1978 AMC Pacer Wagon – Sold?
September 15, 2021 Update – While this “Classifind” expired recently, given the seller’s past history we suspect may not actually be sold yet. For now, we’re labeling this ride “Sold?” However, we will keep an eye out for an updated listing. In the interim, please reach out either by email or call Rudy directly if you’d like to be informed when we come across something similar.
August 3, 2021 Update – After a nearly one-month hiatus, the private seller of this 1978 AMC Pacer just posted a fresh listing. In addition to using the same pictures and description, the seller appears to remain firm on their asking price of $6,000.
July 6, 2021 Update – We just confirmed the listing for this “Classifind” expired, so with no replacement found we’re assuming this ride “Sold?” unless we come across a replacement listing.
I have a confession to make. As much as I don’t like the fishbowl shape of AMC’s Pacer hatchback, the more upright rear hatch of the wagon version has better proportions. Produced only from 1977 through 1979, Pacer wagons do not come up for sale that often, so we were excited to find this 1978 example originally listed in June 2021 in Fairport, New York (Rochester) offered at $6,000 currently. Comparing that price against the Hagerty Insurance Online Valuation Tool confirms the private seller has their Pacer priced between this guide’s #3 “Good” estimate of $4,800 and its #2 “Excellent” appraisal of $9,600. Similarly, the Collector Car Market Review Online Tool confirms the seller’s ask falls just below this guide’s #3 “Good” estimate of $6,125.
American Motors launched its revolutionary at the time Pacer in 1975 and produced its “first wide small car” through the model year 1979. AMC’s chief stylist Richard A. Teague began work on the Pacer concept in 1971 with the idea of producing a roomy small car powered by a Wankel Rotary engine. Teague developed what became the first mass-produced “cab-forward design in a mass-produced American-built car. The Pacer’s width equaled full-sized domestic vehicles at that time and its large expanses of glass quickly earned it the nickname “The Flying Fishbowl.”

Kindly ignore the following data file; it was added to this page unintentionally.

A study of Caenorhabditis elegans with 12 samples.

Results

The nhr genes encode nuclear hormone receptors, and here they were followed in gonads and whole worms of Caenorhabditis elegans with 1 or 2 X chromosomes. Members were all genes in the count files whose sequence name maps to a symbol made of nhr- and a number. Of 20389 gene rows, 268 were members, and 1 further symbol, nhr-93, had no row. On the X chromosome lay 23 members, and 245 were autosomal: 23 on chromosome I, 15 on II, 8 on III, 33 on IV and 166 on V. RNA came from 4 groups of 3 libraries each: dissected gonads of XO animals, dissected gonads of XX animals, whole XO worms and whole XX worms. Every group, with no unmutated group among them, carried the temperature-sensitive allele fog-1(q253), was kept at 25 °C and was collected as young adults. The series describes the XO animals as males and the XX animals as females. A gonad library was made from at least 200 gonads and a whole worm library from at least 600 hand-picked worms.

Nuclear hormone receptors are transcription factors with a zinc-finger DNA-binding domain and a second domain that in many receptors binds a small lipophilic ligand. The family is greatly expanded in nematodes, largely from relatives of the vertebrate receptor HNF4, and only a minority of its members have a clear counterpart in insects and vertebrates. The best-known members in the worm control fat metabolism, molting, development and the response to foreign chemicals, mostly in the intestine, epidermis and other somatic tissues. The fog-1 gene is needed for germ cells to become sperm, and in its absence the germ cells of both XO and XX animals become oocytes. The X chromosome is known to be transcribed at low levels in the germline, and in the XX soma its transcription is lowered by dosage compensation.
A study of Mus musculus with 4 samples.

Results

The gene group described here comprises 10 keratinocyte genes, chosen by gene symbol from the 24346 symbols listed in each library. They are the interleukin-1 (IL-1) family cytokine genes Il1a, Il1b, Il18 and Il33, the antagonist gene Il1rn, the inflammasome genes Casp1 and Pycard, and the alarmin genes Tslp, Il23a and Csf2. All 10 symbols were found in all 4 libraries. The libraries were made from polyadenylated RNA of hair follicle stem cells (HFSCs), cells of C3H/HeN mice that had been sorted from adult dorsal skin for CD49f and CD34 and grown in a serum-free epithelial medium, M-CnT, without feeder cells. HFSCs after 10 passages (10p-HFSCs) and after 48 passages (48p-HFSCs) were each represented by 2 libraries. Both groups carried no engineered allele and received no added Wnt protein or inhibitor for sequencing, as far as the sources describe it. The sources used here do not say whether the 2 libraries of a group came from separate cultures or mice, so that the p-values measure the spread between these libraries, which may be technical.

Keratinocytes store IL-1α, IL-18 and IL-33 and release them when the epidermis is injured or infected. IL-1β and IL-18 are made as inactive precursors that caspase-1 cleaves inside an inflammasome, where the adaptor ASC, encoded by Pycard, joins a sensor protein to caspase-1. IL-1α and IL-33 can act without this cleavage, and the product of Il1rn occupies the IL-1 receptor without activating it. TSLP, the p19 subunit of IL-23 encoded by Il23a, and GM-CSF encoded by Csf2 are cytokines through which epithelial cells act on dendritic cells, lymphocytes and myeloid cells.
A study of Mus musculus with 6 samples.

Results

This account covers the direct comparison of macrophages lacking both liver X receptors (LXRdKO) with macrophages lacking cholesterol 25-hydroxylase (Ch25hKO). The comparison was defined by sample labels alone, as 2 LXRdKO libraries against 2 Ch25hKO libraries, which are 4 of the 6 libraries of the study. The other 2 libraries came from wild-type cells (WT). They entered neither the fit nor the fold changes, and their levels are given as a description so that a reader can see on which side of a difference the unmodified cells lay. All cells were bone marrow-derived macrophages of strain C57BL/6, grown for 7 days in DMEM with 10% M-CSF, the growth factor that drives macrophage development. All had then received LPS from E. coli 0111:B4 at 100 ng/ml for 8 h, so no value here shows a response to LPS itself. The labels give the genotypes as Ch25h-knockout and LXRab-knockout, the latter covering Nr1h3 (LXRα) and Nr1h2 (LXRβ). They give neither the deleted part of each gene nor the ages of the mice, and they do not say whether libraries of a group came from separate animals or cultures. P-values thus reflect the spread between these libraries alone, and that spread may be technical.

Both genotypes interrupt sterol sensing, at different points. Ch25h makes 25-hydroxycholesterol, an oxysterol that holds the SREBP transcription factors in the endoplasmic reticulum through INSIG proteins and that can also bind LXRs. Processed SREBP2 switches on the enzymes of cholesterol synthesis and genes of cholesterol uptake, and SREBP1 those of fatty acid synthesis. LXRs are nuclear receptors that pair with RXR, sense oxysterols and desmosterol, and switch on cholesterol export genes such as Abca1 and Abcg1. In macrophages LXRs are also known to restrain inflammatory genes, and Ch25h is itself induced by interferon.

In addition to its innovative styling, Pacers featured many unique features that included a four-inch longer passenger door, isolated front, and rear suspensions, and rare-at-the-time rack and pinion steering. Unfortunately, when GM pulled the plug on rotary engine development (AMC planned to buy rotary engines from GM for the Pacer), AMC was stuck using its venerable 232 cu in straight-six that initially was too long to fit in the Pacer’s design. This combined with a heavy-for-its-size chassis to provide a small car with only modest fuel economy. Consequently, sales quickly started declining after the novel design wore off consumers. For 1977, AMC responded by offering the Pacer Wagon, which offered less glass and more cargo space than the hatchback. Consumers remained unimpressed and by 1979 AMC was forced to cancel the entire brand due to poor sales.
Here’s a commercial currently posted on the Bionic Disco YouTube channel featuring the 1978 AMC Pacer Wagon:
Based on the limited pictures provided, this Pacer appears to be a survivor-quality example in a nice color combination. While we don’t mind faux wood paneling on bigger station wagons, it never looked right on Pacers so we’re glad this example doesn’t feature it.
Here’s the seller’s description:
“Nice driving car. 232 six w/ automatic has AMC Rallye wheels shows 89,500 miles I have 2 AMC pacer wagons and thinning down. new interior headliner, currently on the road it was in a movie called “we the animals“
Do you have an AMC Pacer Wagon story to share? If so, comment below and let us know!
Loved the Converse sneaker commercial when Dr. J walked over a Pacer..
where is the owner located?
Randall, the format of all of our “Classifind” posts indicates where each ride is located, whether the car has been sold, and how to contact the seller directly. In the other 1976 Pacer you also inquired about, that feature dates back to January 2019 and has long since sold.